Last week I spoke at the Online Information conference. It was a session about Twitter, where Karen Blakeman did a great job explaining the whole thing, and how organisations can make use of it. Then I stepped up and told a few jokes about government is – and should be – using Twitter.
Here’s the slides, for what they’re worth. Try and imagine a pillock gurning at you while you read them, it’ll provide some context.
Now, there is a thing here, and this is what it is: I don’t like doing tool-focused talks. One reason is that people get the impression that I am saying that everyone should be on Twitter, say.
To be swearily honest, I really couldn’t give a shit whether you use Twitter or not. I might write things that make it easier for you, but I would hate to feel like I’m making promises that it will change your life, or transform your organisation. It probably won’t. Things don’t tend to work that way.
I’m not trying to distance myself from Twitter, here. I still use it a hell of a lot, and my life would be poorer without it. The point I am making is true of any single technology, and goes back to the idea that, actually, the interesting things about the internet and its effect on society – and government – has nothing to do with computers.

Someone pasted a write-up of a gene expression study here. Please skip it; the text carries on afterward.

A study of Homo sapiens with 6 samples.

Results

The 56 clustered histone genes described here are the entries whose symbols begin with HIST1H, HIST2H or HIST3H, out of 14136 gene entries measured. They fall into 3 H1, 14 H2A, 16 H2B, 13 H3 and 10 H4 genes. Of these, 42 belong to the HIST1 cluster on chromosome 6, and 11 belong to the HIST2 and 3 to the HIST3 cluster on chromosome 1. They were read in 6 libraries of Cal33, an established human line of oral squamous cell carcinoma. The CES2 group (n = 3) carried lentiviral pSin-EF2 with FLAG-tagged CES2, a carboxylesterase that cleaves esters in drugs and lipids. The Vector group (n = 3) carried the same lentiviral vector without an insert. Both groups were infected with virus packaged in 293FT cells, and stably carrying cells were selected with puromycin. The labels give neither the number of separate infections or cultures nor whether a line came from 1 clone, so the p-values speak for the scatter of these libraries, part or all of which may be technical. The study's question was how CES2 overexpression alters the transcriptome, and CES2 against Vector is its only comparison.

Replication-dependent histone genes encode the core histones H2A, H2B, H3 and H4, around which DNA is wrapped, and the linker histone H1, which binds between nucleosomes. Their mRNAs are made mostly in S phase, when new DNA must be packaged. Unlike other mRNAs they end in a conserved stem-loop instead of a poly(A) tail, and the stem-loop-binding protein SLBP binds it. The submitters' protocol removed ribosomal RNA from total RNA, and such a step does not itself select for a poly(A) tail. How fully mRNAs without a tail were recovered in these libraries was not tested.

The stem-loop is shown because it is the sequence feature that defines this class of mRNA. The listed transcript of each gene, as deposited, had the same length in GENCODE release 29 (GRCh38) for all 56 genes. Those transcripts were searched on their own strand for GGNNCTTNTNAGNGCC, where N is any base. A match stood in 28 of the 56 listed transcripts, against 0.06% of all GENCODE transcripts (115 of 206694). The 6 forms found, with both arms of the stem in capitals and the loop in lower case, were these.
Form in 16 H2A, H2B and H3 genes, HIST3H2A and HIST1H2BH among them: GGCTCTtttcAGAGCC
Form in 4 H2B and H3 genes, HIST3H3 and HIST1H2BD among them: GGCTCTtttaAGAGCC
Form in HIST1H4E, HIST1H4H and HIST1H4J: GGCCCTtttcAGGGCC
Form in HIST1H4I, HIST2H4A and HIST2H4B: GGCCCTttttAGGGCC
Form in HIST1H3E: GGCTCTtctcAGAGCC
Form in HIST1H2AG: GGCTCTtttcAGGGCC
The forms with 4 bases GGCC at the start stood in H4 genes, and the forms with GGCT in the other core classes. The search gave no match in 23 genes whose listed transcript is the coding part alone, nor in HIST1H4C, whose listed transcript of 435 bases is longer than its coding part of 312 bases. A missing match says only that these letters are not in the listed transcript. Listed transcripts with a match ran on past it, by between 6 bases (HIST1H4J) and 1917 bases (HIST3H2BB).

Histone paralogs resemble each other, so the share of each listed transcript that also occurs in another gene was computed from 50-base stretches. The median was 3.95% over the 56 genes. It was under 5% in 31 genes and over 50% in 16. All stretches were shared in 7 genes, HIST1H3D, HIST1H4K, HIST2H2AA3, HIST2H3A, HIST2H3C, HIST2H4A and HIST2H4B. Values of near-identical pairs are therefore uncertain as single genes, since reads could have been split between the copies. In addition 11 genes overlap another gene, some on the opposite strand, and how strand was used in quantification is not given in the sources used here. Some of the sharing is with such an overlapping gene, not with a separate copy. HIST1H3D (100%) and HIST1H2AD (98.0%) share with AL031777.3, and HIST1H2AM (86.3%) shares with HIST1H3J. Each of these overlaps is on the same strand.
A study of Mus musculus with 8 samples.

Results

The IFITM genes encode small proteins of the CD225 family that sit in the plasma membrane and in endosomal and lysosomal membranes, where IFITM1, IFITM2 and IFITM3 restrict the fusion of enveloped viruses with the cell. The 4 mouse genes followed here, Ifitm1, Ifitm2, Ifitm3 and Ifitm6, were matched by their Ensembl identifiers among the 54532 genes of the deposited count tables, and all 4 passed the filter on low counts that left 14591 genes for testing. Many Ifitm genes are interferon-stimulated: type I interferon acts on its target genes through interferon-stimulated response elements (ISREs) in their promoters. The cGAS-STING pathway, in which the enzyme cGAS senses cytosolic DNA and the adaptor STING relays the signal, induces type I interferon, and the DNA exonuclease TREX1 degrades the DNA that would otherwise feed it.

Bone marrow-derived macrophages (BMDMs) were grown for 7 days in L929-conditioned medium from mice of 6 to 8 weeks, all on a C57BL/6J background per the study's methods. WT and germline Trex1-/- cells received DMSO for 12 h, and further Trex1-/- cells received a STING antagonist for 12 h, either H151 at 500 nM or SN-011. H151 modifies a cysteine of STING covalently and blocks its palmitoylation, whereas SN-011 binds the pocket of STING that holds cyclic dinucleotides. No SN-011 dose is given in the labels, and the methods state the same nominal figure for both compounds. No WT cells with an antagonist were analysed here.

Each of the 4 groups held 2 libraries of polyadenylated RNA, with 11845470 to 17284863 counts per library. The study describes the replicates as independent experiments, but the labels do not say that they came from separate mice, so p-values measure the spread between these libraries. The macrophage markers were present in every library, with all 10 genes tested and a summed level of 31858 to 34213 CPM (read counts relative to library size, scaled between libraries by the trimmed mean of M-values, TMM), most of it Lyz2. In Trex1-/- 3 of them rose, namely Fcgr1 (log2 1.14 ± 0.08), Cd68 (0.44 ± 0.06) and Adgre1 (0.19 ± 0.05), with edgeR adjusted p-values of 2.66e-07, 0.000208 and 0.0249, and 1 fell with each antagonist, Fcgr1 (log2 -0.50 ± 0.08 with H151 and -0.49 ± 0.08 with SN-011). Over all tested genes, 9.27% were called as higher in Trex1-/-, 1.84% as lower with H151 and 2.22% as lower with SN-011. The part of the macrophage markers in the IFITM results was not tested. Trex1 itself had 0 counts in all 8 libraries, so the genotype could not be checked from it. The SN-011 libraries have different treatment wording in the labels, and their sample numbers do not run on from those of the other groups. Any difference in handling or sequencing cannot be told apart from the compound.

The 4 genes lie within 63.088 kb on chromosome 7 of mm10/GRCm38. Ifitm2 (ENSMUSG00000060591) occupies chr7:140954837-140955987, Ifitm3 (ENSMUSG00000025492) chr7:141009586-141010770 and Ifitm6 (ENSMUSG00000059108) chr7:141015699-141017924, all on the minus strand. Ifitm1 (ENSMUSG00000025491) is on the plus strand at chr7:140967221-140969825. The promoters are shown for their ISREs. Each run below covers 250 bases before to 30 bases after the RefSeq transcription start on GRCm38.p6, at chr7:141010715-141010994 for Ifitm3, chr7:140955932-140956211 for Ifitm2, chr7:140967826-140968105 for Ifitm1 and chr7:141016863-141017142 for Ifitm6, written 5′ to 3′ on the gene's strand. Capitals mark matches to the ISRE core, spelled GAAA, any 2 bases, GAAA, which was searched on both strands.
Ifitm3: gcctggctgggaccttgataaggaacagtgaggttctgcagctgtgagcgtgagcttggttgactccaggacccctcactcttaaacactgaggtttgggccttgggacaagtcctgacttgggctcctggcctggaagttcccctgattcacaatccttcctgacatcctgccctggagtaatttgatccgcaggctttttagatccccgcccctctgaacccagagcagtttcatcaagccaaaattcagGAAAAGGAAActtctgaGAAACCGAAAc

Instead of encouraging people and organisations to use Twitter, or whatever, I want to encourage them to listen, to collaborate, to be transparent and open, to take notice of the things their employees say, to be flexible and agile and able to react quickly to changing circumstances.
Technology makes this easier. It provides a platform where it can all happen. In some cases it might be the key that unlocks the door to all this activity. But technology is not the thing.